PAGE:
Sticky inflation pushes Wall Street toward weekly losses
Wall Street is poised to extend its slide Friday, one day after U.S. markets suffered their biggest drop in a month on an inflation reading that came in hotter than expected.
Futures for the Dow Jones industrials slid 0.5% and the S&P 500 dipped 0.7%. Oil prices fell more than 3%.
The S&P 500 lost 1.4% Thursday following news that inflation at the wholesale level slowed less than economists had expected. That hot reading echoed inflation data earlier in the week at the consumer level that suggests inflation isn’t falling as steadily has was hoped, though Fed Chair Jerome Powell has warned of an uneven return to more normal levels of inflation.
Stocks have gyrated on worries that persistently high inflation will push the Federal Reserve to get even more aggressive on interest rates. Higher rates tend to cool inflation, but they also raise the risk of recession of spending trails off too much.
“Continued strength in the inflation data suggests the Fed’s work is still not finished, and risks of a longer cycle are rising,” Stephen Innes of SPI Asset Management said in a report.
In Europe at midday, Germany’s DAX sank 0.9%, the CAC 40 in Paris gave up 0.7% and Britain’s FTSE 100 slipped 0.3%.
In Asian trading, Tokyo’s Nikkei 225 fell 0.7% to 27,513.13 and the Kospi in South Korea sank 1% to 2,450.20.
Hong Kong’s Hang Seng lost 1.3% to 20,836.08. Losses were amplified by news that a major tech industry dealmaker, Bao Fan, apparently has gone missing.
Shares in one of China’s top investment banks, China Renaissance, plunged Friday after the company said in a filing to Hong Kong’s stock exchange that it had lost touch with Bao, its founder. Bao’s disappearance follows a crackdown on technology companies in the past two years that officials in China said had been wrapped up.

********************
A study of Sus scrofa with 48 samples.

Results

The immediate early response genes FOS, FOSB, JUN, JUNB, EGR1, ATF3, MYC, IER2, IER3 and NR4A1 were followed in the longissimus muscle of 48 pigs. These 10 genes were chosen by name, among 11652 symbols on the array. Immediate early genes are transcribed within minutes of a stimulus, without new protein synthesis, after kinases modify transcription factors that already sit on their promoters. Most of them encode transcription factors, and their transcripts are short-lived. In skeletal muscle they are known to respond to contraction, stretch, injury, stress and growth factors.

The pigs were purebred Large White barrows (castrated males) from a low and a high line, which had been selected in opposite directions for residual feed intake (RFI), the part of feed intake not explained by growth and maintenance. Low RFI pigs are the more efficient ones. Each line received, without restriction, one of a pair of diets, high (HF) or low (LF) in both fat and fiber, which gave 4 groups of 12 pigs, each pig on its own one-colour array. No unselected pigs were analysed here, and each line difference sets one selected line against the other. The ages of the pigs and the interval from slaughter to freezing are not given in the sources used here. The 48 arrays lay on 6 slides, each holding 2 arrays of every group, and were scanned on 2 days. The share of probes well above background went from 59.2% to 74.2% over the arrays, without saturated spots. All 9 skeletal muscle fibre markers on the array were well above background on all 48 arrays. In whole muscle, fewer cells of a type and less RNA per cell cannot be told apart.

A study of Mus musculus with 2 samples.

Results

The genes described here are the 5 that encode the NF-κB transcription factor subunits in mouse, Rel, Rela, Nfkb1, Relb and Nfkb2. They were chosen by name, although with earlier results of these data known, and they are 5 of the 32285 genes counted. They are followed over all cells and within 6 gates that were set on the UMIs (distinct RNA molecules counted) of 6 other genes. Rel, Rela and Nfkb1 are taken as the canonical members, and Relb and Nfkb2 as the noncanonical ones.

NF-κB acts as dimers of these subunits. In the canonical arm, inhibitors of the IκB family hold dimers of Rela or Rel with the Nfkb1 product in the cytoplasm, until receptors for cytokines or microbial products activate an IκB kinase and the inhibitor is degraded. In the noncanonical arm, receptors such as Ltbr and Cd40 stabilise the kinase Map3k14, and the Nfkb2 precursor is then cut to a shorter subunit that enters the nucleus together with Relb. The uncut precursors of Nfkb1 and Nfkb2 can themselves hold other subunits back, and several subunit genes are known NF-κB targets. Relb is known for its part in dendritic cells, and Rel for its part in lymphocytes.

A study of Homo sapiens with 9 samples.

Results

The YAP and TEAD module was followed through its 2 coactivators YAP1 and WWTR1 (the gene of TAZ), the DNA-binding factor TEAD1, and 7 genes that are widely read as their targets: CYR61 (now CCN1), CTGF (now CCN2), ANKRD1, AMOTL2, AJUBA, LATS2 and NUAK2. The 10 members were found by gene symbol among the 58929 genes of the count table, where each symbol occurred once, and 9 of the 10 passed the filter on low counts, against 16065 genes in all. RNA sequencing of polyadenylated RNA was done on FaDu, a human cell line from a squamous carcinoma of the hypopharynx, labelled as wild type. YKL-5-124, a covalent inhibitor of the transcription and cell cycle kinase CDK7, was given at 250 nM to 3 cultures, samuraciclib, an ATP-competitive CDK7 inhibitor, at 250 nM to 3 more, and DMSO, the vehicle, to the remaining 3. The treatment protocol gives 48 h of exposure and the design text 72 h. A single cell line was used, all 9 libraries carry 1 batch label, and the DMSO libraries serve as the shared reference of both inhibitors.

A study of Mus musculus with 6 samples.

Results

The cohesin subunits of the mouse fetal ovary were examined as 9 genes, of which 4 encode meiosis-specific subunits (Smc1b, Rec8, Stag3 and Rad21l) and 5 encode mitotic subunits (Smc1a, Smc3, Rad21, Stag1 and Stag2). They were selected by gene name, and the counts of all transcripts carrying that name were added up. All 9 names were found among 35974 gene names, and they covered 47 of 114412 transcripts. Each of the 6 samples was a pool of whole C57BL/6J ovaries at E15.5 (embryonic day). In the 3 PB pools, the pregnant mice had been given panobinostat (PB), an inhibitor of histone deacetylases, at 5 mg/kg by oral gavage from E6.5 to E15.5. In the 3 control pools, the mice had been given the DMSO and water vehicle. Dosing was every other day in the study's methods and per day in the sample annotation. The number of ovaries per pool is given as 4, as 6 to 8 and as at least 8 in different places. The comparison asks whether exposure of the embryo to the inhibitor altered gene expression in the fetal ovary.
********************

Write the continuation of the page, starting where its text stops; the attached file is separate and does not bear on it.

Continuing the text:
The Shanghai Composite index gave up 0.8% to 3,224.02 and Australia’s S&P/ASX 200 shed 0.9% to 7,346.80. Taiwan’s benchmark lost 0.5%. Bangkok’s SET index fell 0.7% after the government reported the economy grew at a meager 2.6% annual pace in 2022.
On Thursday, the Dow Jones Industrial Average lost 1.3%, while the Nasdaq composite dropped 1.8%.
Thursday’s inflation report showed that prices at the wholesale level were 6% higher last month than a year earlier, slower than December’s rate but worse than expected. Perhaps more concerning was that inflation accelerated in January on a month-to-month basis even after stripping out prices for food, energy and other layers.
The inflation report darkened the mood on Wall Street along with a batch of other data painting a mixed picture of the economy.
Fewer workers applied for jobless benefits last week than expected, suggesting that layoffs remain low across the economy. That’s good news for workers and another signal of strength for the job market, but the Fed worries it could also add upward pressure on inflation.
Loretta Mester, president of the Federal Reserve Bank of Cleveland, said in a speech Thursday that she saw “a compelling economic case” at the Fed’s meeting earlier this month to raise rates by twice the 25 basis points it ended up implementing.
In other trading Friday, U.S. benchmark crude oil lost $2.73 to $75.76 per barrel in electronic trading on the New York Mercantile Exchange. Brent crude, the international pricing basis, gave up $2.82 to $82.32 per barrel.
The dollar rose to 134.78 Japanese yen from 133.99 yen. The euro slipped to $1.0620 from $1.0673.
Kurtenbach reported from Bangkok; Ott reported from Silver Spring, Md.